It's not uncommon when I'm interviewing a physician—and the topic could be just about anything related to healthcare—for the conversation at some point to turn to the state of the reimbursement system and the need for some type of healthcare reform. Increasingly these days, that means we're talking about universal healthcare.
Some think it is a necessary next step, particularly physicians whose reimbursement suffers because they treat a lot of underinsured and uninsured patients. Others take a look at the bureaucracy of Medicare and the current healthcare system and consider a movement to universal coverage the equivalent to throwing gasoline on a fire. But with the election in full swing and healthcare one of the key issues of the campaign, universal healthcare is on many physicians’ minds.
Which is why I found a survey released last week regarding physicians’ attitudes about universal healthcare particularly interesting. The verdict? Fifty-nine percent of the more than 2,200 physicians surveyed say they support legislation to establish national health insurance. This represents a 10 point increase from a similar survey conducted in 2002.
A second question was asked about whether physicians support achieving universal coverage through more incremental reform, which is essentially what the major presidential candidates are proposing, and support actually dropped to 55%. Aaron Carroll, MD, MS, a pediatrician who was lead researcher on the study at the Indiana University School of Medicine, thinks this reflects physicians’ impatience with previous reform efforts that didn’t go far enough in addressing the problems of the uninsured and rising healthcare costs.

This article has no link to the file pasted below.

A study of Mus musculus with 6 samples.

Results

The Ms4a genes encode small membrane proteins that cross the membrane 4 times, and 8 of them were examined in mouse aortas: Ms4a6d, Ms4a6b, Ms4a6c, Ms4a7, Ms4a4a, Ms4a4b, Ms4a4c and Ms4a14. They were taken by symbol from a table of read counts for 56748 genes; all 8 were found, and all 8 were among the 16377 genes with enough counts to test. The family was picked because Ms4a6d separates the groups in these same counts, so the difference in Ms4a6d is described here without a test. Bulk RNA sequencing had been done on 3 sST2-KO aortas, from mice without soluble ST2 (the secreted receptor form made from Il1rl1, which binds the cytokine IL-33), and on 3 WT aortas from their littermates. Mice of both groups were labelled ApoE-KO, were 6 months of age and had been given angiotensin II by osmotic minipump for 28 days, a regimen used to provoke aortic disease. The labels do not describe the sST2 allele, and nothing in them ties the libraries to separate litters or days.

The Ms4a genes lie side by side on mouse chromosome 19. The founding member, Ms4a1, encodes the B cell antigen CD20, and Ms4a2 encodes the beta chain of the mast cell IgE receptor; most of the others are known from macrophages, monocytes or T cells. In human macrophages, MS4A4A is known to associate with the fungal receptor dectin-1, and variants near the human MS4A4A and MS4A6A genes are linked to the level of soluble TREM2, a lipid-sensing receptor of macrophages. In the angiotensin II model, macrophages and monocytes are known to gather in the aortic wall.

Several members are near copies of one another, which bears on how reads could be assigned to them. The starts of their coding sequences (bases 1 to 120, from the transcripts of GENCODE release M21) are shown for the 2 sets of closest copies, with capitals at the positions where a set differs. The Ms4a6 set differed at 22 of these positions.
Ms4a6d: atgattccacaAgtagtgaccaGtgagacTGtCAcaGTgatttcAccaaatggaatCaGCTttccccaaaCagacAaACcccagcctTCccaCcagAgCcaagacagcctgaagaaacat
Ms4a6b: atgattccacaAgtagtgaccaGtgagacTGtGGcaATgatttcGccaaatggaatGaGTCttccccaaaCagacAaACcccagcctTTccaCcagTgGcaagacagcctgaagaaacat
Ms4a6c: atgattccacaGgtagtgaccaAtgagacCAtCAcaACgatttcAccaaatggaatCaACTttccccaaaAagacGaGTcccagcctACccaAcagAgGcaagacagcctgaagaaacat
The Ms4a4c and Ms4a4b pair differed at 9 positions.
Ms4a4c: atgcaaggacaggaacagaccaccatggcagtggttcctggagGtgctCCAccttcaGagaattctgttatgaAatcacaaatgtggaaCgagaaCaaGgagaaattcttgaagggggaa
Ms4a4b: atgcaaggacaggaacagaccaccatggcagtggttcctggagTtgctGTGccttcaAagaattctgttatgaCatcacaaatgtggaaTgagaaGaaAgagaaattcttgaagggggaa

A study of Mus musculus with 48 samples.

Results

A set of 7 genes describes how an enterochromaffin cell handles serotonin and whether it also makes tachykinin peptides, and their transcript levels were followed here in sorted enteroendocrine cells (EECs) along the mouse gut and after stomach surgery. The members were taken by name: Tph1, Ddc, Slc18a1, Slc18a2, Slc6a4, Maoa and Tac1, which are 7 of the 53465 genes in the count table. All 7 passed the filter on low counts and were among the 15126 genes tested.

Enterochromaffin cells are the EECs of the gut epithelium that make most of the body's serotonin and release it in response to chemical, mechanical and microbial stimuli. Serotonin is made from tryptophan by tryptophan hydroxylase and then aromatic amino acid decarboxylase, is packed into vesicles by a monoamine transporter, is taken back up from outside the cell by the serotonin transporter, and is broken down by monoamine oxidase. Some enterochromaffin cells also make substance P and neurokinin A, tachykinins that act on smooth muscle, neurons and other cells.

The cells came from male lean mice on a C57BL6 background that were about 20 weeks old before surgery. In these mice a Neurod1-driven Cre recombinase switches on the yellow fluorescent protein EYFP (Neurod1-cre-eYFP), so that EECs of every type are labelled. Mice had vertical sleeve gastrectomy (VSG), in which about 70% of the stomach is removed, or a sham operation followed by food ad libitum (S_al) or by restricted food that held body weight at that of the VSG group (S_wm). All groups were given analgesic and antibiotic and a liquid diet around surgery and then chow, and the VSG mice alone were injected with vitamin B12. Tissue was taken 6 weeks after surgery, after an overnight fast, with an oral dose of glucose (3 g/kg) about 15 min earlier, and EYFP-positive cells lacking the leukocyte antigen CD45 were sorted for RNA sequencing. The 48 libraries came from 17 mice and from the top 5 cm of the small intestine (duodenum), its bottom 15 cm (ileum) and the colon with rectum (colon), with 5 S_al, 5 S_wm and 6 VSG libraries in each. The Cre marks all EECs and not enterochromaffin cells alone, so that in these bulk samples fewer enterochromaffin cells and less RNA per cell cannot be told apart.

“Everything seems to be going downhill, and all the incremental reforms over the last five, 10, 15, 20, 30 years are not doing a good job,” he says. “If anything, most people feel that everything is getting worse, and I think physicians are recognizing that we need to have much more radical reform.”
But some physicians still have reservations. Another survey came across my desk this week from the physician recruiting firm Jackson & Coker. It found that 47% of physicians think patient care would probably be worse under a universal healthcare system, and 60% think patient wait times would increase dramatically.
Many questions still linger as universal healthcare looms on the horizon. Is healthcare a right or a commodity? Will our healthcare system become less efficient? How will we pay for universal coverage? How can we offer universal coverage without limiting patient choice? Will physician reimbursement suffer? Senior editor Les Masterson poses some additional questions in this week’s Health Plan Insider.
Though these questions range from the philosophical to the practical, physicians’ answers may be more predictable than we think. Female physicians and younger physicians tend to be more supportive of universal healthcare, Carroll says. And the specialty breakdown may be most revealing. Only three groups in Carroll’s survey had less than 50% support for universal coverage—radiology, anesthesiology, and surgical subspecialties—all of which earn well over $300,000 annually.
In fact, self interest may be the strongest correlate to support for national insurance. The specialties that most strongly supported it—psychiatry, emergency medicine, pediatrics, and primary care—all make less than $200,000 (MGMA median levels) and often have patient panels with a lot of uninsured or Medicaid patients.
But it’s important to remember that these are only patterns. I know primary care physicians who strongly oppose universal coverage and surgical subspecialists who favor it. This is a very contentious issue, and as is the case in the general public, physician opinions about universal healthcare are far from universal.
Elyas Bakhtiari is a managing editor with HealthLeaders Media. He can be reached at firstname.lastname@example.org.